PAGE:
Abortion legislation - It’s time to end the uncertainty

Any lingering doubts harboured by politicians about the level of popular support for legislation on a limited form of abortion in the Republic will hopefully be removed by the spectacle of thousands of people taking to the streets in memory of Savita Halappanavar.

From Dublin to Clonakilty, Galway, Kilkenny, Sligo, Limerick, Carlow, Ennis, London, and New York, they marched and held candlelight vigils, demanding that ‘never again’ should the circumstances surrounding the demise of the 31-year-old Indian woman following a miscarriage at Galway University Hospital be repeated.

With Ireland’s international reputation now in disrepute, the burning question is whether the Government will have the political courage to end the uncertainty caused by the failure of six administrations to enact legislation following the 1992 Supreme Court verdict in the X case. Involving a 14-year-old girl raped by a neighbour, it allowed for medical termination in cases where a mother’s life is in jeopardy.

By consigning decisions to vague guidelines, politicians have effectively created a legislative vacuum which haunted doctors for 20 years and continues to put women in danger today. With lives in the balance, the idea of setting up an appeals body to adjudicate on individual cases is not the answer.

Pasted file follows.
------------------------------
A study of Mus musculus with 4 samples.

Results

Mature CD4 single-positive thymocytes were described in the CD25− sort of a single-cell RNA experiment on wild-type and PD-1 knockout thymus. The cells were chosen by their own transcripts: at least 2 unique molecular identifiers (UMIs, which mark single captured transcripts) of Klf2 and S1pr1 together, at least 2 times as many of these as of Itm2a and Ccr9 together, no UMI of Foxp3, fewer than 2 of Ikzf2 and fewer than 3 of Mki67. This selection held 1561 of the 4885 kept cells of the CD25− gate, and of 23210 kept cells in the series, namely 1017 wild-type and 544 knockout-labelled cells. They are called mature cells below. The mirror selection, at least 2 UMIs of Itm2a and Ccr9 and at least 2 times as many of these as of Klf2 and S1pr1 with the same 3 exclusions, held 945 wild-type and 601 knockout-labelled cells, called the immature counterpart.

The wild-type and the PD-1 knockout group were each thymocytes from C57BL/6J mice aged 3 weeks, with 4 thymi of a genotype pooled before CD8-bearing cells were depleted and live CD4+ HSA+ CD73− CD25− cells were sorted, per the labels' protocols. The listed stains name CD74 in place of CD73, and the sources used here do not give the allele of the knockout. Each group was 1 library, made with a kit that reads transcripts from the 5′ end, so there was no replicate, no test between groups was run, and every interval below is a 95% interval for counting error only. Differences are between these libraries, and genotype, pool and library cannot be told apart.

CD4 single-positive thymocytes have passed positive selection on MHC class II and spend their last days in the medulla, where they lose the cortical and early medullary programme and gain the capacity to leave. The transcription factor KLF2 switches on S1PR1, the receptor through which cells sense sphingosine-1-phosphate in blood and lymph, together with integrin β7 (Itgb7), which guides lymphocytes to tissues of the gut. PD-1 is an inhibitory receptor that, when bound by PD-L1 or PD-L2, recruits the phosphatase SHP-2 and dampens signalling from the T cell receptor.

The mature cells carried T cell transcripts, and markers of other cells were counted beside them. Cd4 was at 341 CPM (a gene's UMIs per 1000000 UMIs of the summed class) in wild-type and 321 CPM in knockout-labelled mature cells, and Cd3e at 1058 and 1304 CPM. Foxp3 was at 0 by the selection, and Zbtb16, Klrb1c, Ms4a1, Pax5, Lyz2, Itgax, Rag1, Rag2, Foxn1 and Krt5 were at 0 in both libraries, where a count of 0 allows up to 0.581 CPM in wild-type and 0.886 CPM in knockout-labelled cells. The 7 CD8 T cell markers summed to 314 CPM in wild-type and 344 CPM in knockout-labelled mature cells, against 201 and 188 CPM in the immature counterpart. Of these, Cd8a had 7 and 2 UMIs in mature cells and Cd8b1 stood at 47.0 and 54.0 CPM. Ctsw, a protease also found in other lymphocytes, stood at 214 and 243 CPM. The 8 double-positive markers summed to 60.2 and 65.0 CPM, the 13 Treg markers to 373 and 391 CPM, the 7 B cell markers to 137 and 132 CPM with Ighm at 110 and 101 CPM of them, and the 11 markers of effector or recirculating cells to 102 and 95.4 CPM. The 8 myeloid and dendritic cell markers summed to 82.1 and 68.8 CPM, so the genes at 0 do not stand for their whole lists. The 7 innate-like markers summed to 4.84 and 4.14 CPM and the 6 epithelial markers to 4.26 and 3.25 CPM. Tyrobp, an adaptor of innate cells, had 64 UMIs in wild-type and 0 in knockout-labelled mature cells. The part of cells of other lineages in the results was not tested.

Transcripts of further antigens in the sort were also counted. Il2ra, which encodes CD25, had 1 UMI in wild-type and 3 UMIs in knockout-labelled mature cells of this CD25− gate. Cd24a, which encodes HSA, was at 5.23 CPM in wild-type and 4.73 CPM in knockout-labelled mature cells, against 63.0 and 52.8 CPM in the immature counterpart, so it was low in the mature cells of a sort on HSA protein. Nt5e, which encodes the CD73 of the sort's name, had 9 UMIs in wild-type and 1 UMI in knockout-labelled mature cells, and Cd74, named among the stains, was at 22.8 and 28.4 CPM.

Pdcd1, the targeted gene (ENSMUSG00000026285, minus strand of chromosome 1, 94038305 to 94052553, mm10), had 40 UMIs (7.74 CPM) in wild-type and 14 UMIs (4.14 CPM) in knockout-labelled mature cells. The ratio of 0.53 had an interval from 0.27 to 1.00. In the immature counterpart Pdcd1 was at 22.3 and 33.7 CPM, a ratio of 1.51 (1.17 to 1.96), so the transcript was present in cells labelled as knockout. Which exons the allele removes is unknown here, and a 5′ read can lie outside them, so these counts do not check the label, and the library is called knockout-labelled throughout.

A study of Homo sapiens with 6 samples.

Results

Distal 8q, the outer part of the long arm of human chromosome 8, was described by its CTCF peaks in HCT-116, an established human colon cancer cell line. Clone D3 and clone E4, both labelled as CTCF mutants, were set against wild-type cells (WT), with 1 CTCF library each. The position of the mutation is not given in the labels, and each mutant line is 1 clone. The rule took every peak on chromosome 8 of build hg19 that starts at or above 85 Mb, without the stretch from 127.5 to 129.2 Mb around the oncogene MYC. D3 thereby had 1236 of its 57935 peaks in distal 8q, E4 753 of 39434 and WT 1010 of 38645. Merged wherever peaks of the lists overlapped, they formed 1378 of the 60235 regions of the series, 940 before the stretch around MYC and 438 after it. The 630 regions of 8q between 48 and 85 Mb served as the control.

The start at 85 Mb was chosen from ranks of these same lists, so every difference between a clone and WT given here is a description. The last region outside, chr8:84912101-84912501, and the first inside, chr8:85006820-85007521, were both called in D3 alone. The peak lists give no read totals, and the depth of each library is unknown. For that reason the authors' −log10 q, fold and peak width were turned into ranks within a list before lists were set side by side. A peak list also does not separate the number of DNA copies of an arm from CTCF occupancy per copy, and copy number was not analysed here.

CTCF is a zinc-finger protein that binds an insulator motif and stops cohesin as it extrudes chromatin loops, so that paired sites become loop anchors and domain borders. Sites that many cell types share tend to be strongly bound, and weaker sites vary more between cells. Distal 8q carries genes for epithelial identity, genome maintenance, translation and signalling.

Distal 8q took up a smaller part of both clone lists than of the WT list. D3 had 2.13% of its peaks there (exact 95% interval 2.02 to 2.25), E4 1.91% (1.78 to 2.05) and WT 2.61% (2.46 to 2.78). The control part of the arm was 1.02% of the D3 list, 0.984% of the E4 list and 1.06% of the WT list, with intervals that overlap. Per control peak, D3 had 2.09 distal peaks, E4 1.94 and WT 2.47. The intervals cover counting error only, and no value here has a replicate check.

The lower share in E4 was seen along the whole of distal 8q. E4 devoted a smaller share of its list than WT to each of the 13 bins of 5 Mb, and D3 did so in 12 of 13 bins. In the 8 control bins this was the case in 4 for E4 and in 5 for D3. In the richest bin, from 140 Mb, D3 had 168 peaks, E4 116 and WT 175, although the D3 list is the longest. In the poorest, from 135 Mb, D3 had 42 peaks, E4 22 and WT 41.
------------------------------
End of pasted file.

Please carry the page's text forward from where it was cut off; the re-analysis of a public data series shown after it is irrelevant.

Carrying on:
There is no escaping the complex, emotive, and divisive nature of discussions on abortion in Ireland. Yet, society cannot ignore the threat to women who may be denied treatment to terminate a pregnancy if their lives are at risk.

For whatever reason, Taoiseach Enda Kenny is on record as not favouring legislation on abortion. It is time he grasped this nettle and gave the forthright brand of political leadership reflected in his courageous criticism of the Vatican during the child sex abuse controversy. Not surprisingly, Health Minister James Reilly agrees with Mr Kenny that a decision should not to be rushed, but he also endorses the view of Tánaiste and Labour leader Eamon Gilmore that “doing nothing is not an option”. Dr Reilly’s pledge that the Coalition will not be the seventh government to avoid this issue is reassuring.

An expert report on the issue will be presented to Cabinet next week. While the terms of reference of an internal HSE investigation (with only one independent representative) into Mrs Halappanavar’s death have yet to be finalised, it is good that her family will have an input into shaping the thrust of the probe.

However, the minister’s preference for widespread ‘consultation’ about the recommendations of the expert report is certain to raise fears that the Government is seeking to forge yet another Irish solution for an Irish problem. After 20 years of foot-dragging on the issue, there is now a glaring need for clear direction.

Despite the rhetoric of extremists on both sides of the abortion debate, there should be no question of politicians side-stepping this contentious issue. Their motive should be to protect lives. Thus, when the matter is finally debated in the Oireachtas, TDs and senators should be allowed a free vote, deciding according to their conscience rather than automatically supporting the party-political position.

Ultimately, whatever resolution is reached must not be formulated because it is perceived as least damaging politically. The aim should not be to protect politicians’ electoral prospects, but rather to produce the best and clearest resolution to safeguard the lives of women.